The Uncanny Hills
The scenic Preseli Hills, a place of great natural beauty and notably the origin place of the bluestone used for the inner circle of Stonehenge. Were they, as usually thought, taken there by human strength and ingenuity? Hacked from the living hillside and painstakingly transported across untamed Bronze Age Britain at the behest of chiefs and shamans? Or, as some recent scholarship suggests, were they carried there mindlessly by the Irish Sea Glacier on it’s inhumanly slow scouring of the land?
What looks to be a small child’s waterproof boot, found sitting on a flat stone near the top of a hill. From it’s condition it must have been there for quite some time. An offering of some kind? Or the remains of one?
A little down the hill from the boot, one of many small stone circles found in the area. It seems almost as if the jagged rocks had thrust themselves out of the boggy ground, rather than the reverse; momentarily I thought of a mouthful of broken fangs. The stone at the lower-right of the picture appeared to have been broken, or perhaps eroded away, thus creating an gap in the sacred geometry.
A wooden signboard; I wondered what purpose it could have served amidst the rocks and some distance from anything that could be considered a path. Whatever was pinned to it has mostly been torn away, save a few ribbons of paper – as exposed to the elements as it was this could be no surprise. Out of sight a lonely sheep was bleating, calling I thought to it’s distant flock.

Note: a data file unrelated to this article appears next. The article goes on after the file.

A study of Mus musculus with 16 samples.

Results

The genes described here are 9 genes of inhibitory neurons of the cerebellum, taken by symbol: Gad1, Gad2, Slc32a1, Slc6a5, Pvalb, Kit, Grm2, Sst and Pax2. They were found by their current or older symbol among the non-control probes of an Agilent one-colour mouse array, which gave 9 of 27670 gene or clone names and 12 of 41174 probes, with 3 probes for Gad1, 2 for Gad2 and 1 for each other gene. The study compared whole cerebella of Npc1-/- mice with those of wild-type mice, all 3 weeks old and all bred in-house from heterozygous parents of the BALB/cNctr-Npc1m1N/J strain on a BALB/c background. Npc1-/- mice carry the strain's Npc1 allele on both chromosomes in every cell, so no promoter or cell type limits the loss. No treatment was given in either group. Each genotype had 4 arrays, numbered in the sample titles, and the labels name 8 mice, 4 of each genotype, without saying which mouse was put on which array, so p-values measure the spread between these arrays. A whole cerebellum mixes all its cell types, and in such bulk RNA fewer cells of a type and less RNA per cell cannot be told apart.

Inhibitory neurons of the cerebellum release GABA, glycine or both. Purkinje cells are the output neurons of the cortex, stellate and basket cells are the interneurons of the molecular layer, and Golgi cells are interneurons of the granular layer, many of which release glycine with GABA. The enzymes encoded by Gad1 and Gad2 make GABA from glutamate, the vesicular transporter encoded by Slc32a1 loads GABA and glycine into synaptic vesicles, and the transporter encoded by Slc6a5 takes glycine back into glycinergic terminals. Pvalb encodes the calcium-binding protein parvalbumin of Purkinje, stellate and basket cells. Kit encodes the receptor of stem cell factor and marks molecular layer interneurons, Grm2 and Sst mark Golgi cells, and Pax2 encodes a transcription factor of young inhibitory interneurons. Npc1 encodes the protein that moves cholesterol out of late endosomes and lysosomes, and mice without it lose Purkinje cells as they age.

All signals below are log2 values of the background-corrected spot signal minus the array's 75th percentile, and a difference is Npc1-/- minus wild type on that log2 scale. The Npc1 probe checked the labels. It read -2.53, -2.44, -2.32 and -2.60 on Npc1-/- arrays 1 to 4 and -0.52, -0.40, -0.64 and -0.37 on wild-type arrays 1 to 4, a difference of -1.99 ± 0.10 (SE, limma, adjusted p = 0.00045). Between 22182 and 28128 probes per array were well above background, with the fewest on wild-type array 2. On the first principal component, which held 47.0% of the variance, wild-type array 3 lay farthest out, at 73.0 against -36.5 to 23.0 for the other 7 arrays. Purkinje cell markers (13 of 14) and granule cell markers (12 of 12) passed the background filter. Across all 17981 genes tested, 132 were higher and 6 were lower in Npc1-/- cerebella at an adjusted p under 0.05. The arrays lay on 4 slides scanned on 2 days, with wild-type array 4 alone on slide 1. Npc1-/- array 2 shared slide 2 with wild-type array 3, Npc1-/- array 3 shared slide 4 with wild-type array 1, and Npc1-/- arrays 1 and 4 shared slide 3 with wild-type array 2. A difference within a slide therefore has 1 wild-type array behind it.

My colleague asked me to take his picture; as I peered at the screen it seemed as though the sun were sucking light from the bright earth, rather than shining upon it. I thought of the Schwarze Sonne of Migration Age Germanic occultism. No doubt it was a trick of the mind brought on by my unacustomed exertions, or else an artifact of my amateurish fumbling with the camera. We made our way back to the automobile in relative silence, save for snatches of birdsong and the rumbling of an aircraft overhead.